Did You Know?

There are tax incentives available for improving the energy efficiency of your historic building. Not only could your project qualify for a historic preservation tax credit, but it may also be eligible for federal income tax incentives for energy efficiency. Learn more about these credits from the non-profit Tax Incentives Assistance Project.

Eliminate Air Infiltration

Graphic drawing of a house, showing percentages of where air escapes your home.

Major Sources of Air Leaks (Data source: U.S. Department of Energy)

Air infiltration is the exchange of air through cracks and gaps in the outside shell of a building. Infiltration increases heating and cooling costs and reduces the comfort level of occupants. Loose fitting windows and doors, cracks between the house and the foundation, and gaps around plumbing and electrical penetrations are typical sources of leaks.

Reducing air infiltration is often the first action item of a weatherization plan after the energy audit has been completed. Caulking cracks, sealing an unused fireplace, and adding weatherstripping are simple, low-cost improvements that can reduce air infiltration. Caulking should be done with care to ensure that the function of a building element is not impaired. For example, caulking may be added to close a gap between window frames and the outside wall if needed, but not between window sash and the jamb which would prevent the window from opening. Instead, weatherstripping can be added to exclude air and allow the sash to operate. Typical places to check for air infiltration include:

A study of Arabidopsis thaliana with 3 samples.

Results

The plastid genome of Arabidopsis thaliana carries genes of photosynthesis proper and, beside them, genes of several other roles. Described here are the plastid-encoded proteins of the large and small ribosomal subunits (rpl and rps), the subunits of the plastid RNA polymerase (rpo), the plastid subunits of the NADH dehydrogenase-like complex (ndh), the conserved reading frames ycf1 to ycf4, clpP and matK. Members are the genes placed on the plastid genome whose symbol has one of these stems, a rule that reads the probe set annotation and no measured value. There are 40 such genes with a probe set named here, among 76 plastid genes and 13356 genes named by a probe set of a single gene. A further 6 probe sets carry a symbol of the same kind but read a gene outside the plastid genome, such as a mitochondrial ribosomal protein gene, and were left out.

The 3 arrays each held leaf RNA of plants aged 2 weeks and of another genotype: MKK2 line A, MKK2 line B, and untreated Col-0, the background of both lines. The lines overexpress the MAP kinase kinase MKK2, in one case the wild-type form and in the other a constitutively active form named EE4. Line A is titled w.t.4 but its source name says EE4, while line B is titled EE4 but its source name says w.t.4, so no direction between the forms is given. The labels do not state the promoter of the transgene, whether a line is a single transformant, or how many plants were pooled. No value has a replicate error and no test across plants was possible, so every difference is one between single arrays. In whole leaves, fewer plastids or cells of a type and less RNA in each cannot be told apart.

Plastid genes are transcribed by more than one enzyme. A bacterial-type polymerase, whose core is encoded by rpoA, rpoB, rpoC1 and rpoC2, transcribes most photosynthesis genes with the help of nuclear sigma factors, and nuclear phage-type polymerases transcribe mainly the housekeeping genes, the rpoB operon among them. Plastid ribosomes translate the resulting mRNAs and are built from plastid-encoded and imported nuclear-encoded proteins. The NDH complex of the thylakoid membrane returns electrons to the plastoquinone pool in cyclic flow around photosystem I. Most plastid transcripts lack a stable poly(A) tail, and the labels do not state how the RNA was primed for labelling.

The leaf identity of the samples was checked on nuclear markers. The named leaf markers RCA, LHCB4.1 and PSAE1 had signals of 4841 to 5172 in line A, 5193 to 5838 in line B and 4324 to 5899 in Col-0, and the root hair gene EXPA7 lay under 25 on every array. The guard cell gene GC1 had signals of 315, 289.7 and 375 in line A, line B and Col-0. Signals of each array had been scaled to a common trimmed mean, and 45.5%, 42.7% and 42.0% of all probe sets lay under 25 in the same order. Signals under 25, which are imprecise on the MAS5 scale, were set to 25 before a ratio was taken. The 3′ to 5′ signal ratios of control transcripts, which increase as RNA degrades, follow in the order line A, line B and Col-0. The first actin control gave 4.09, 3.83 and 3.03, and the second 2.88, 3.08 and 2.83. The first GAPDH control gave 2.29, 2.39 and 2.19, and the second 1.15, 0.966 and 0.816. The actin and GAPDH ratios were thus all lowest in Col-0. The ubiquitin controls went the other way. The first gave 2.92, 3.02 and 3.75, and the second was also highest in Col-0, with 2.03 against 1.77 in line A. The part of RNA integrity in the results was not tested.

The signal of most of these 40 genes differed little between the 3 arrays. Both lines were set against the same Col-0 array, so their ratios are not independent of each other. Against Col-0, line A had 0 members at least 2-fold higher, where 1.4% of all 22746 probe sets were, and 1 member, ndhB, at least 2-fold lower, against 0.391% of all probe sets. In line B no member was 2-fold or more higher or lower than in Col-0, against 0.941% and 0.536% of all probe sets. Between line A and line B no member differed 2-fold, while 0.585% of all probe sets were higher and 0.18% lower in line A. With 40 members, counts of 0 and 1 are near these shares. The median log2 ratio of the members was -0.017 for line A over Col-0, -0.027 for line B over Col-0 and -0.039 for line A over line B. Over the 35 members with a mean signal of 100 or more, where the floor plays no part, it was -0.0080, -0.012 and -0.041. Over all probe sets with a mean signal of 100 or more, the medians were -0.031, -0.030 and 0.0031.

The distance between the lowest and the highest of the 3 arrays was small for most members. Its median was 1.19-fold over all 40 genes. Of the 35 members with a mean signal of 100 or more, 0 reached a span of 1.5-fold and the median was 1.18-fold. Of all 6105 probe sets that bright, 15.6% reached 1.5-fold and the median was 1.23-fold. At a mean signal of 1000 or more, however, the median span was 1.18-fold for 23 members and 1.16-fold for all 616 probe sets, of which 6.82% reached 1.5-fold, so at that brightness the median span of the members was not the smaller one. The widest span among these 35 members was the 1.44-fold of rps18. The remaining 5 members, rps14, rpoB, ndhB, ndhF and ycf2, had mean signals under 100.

• Electrical outlets, switches, and ceiling fixtures
  • Operable features of windows and doors – check for a loose fit
  • Window and door frames where they meet the wall
  • Baseboards
  • Fireplace dampers
  • Chimney flashing and flues
  • Attic hatches
  • Wall or window-mounted air conditioners
  • Plumbing, electrical, cable, and telephone penetrations
  • Ducts in unconditioned spaces (though conductive heat loss is generally more significant in this situation, see Install insulation)

Although reducing air infiltration is recommended, it is not advisable to seal a historic building too tightly. This could result in a lack of adequate ventilation or, in extreme cases, sick building syndrome. All air movement may not be eliminated after infiltration in these areas has been addressed. However, air movement is not necessarily a sign of energy inefficiency, but can be a factor in occupant comfort. It can cause occupants to feel uncomfortable and to assume that energy is being lost. In warmer climates, air movement can make occupants feel cooler, and in cooler climates it can make occupants feel chilly. If uncomfortable drafts continue after air infiltration has been addressed, consider other options for making your historic spaces more comfortable such as hanging drapery or rearranging furniture placement to avoid the air movement.